5 steps to help navigate a rising-interest-rate economy

A woman reviews her finances on her laptop

Don’t let uncertainty hold you back from pursuing planning opportunities in today’s economy.

While interest rates are rising and other economic indicators seem to keep changing, understanding potential impacts on your overall financial outlook can be critical. Now is the time to consider how federal interest rates may impact your planning opportunities — and what planning approaches may be viable for your situation.

Key interest rate indicators to consider

Factors such as economic growth, inflation, and employment levels help determine federal policies that impact interest rates. Each month, the Internal Revenue Service (IRS) reports various prescribed rates called Applicable Federal Rates (AFRs) for federal income tax purposes. Here are two AFRs to keep in mind as you plan for immediate and future needs:

Short-term AFRs typically are adjusted when policy rates change or when economic growth accelerates. Rising short-term rates can have a meaningful effect on the economy because they raise the cost of borrowing, which has the potential to impact your short-term or long-term goals.

Long-term AFRs change based on macroeconomic factors, inflation expectations, and supply/demand dynamics, which can make them more volatile or more difficult to forecast than short-term rates. Rising long-term rates have a more significant effect on fixed-income investors because they affect bond prices.

5 planning steps you can take today

Here is a checklist to help you uncover planning opportunities in a rising rate environment:

Clarify your short- and long-term objectives. Are you aiming to prepare for retirement? Manage your debt? Establish a college savings plan? Think through what is important to you during this time, and what life changes have recently occurred that may have impacted your objectives.

Organize and review your documentation. Now is a great time to review documentation associated with your estate plan, including wills and trusts, beneficiary designations, and insurance policies. It may have been longer than you realize since you last checked these documents. Being proactive can help you avoid potential hurdles, expenses, or headaches.

Weigh your options with your advisors. Review your plan components against your updated needs to see if anything necessitates a change. Has your risk tolerance changed? What about your cash flow needs for short and long term? You’ll want to work together to help ensure that your plans align with your time horizons and financial goals.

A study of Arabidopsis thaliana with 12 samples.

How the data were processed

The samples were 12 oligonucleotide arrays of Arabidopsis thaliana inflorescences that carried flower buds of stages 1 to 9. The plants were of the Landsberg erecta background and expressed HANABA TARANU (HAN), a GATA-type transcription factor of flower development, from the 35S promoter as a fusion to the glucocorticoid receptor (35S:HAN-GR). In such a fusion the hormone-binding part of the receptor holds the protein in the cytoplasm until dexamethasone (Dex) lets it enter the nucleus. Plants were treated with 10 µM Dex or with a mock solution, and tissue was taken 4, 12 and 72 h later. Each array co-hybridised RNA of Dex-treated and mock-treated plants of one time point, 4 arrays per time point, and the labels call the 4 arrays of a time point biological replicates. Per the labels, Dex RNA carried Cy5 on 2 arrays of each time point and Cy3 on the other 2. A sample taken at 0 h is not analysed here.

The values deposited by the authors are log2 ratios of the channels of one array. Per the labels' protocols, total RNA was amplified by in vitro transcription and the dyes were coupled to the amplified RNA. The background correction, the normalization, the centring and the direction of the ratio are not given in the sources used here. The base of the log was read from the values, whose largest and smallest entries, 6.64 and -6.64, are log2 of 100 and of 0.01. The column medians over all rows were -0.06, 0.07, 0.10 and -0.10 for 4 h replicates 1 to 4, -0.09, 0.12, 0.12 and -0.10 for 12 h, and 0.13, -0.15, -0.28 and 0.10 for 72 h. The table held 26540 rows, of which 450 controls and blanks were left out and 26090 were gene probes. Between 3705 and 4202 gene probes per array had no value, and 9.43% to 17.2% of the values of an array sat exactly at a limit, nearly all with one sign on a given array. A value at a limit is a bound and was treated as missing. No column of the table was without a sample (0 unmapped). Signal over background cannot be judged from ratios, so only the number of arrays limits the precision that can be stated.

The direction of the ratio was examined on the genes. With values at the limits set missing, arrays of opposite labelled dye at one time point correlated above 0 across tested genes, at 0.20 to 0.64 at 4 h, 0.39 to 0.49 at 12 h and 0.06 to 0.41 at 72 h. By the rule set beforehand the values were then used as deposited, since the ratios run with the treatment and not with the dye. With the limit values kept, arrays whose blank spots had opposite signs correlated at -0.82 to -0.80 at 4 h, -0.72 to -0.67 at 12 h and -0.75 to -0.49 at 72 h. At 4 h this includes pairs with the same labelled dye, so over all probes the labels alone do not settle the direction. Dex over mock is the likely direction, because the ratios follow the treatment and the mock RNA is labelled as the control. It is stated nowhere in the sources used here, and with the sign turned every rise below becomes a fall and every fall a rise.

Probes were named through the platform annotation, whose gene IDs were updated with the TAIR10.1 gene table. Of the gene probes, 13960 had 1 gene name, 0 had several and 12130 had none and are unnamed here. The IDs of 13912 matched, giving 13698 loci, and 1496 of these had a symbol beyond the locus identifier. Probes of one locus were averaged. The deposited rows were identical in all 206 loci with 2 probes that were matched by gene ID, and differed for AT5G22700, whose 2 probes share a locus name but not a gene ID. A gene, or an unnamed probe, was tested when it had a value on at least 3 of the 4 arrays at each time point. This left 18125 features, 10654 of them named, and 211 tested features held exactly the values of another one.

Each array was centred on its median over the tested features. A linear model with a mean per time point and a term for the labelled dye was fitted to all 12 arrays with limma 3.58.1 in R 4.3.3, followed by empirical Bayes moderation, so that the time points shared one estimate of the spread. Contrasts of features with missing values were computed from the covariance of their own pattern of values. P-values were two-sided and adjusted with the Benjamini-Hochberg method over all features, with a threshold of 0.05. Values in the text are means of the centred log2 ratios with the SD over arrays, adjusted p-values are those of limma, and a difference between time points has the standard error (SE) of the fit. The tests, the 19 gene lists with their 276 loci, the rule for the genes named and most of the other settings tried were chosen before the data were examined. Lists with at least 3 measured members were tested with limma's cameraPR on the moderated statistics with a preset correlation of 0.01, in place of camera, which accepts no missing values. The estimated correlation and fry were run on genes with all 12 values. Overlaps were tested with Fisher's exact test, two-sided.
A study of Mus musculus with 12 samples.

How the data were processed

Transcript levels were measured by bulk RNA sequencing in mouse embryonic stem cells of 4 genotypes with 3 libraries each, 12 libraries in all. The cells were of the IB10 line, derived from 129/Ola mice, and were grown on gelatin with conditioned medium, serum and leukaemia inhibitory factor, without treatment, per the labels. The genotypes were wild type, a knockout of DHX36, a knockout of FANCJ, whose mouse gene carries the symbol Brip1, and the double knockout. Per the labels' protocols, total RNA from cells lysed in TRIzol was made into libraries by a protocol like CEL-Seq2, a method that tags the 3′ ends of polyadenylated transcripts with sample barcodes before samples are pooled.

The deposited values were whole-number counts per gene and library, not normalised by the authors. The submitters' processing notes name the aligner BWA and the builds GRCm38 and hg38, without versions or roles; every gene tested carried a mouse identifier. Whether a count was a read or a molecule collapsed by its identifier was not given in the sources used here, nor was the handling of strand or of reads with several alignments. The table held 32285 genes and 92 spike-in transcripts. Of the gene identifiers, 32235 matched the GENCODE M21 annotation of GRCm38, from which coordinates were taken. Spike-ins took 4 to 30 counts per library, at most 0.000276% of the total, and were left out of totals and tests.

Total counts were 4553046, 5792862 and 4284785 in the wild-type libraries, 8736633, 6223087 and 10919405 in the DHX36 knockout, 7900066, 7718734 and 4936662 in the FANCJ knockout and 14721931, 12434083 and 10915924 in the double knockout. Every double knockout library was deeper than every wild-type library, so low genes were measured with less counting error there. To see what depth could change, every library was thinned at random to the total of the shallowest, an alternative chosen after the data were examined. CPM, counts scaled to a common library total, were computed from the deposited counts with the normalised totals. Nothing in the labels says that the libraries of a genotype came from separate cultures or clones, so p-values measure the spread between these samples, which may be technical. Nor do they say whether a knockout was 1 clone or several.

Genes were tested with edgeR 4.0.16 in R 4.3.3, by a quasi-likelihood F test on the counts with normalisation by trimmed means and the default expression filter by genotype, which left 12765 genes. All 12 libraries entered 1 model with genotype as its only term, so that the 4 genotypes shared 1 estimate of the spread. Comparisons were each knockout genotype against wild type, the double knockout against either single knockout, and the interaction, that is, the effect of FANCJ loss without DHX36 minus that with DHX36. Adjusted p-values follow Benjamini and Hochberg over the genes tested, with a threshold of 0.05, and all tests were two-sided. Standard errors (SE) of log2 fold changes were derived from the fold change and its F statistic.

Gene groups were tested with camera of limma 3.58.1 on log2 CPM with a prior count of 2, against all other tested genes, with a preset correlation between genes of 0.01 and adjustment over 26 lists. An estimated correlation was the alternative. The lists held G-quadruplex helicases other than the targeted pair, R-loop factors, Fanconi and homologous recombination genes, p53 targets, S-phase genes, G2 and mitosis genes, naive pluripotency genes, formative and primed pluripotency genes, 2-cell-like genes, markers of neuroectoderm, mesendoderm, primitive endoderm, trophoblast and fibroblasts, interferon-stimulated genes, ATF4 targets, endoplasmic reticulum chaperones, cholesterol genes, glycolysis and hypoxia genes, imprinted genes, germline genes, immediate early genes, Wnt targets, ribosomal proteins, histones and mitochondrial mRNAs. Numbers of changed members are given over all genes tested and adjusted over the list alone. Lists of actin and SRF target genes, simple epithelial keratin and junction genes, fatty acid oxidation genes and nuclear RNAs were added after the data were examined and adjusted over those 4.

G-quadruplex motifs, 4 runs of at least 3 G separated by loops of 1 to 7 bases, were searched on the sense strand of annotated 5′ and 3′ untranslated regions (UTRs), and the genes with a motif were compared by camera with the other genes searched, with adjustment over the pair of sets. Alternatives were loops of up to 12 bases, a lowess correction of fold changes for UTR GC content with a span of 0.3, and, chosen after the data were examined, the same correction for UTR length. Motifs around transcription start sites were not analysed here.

Evaluate wealth transfer strategies with your advisors. Right now, the Tax Cuts and Jobs Act (TCJA) is expected to sunset at the end of 2025; at that point, estate/gift exclusion and generation-skipping transfer (GST) exemption amounts will be subject to a cut. In addition, some strategies may provide tax advantages when interest rates are high. Discuss whether tactics such as Qualified Personal Residence Trusts (QPRTs) and Charitable Remainder Trusts (CRTs) may make sense for your needs.

Consider potential impacts on your business. Consider proactive transition planning with your tax and legal advisors in the next year, especially if higher interest rates and a general economic slowdown will negatively affect the value of your closely held business.


Wells Fargo & Company and its affiliates do not provide tax or legal advice. This communication cannot be relied upon to avoid tax penalties. Please consult your tax and legal advisors to determine how this information may apply to your own situation. Whether any planned tax result is realized by you depends on the specific facts of your own situation at the time your taxes are filed.

Trust services available through banking and trust affiliates in addition to non-affiliated companies of Wells Fargo Advisors. Any estate plan should be reviewed by an attorney who specializes in estate planning and is licensed to practice law in your state.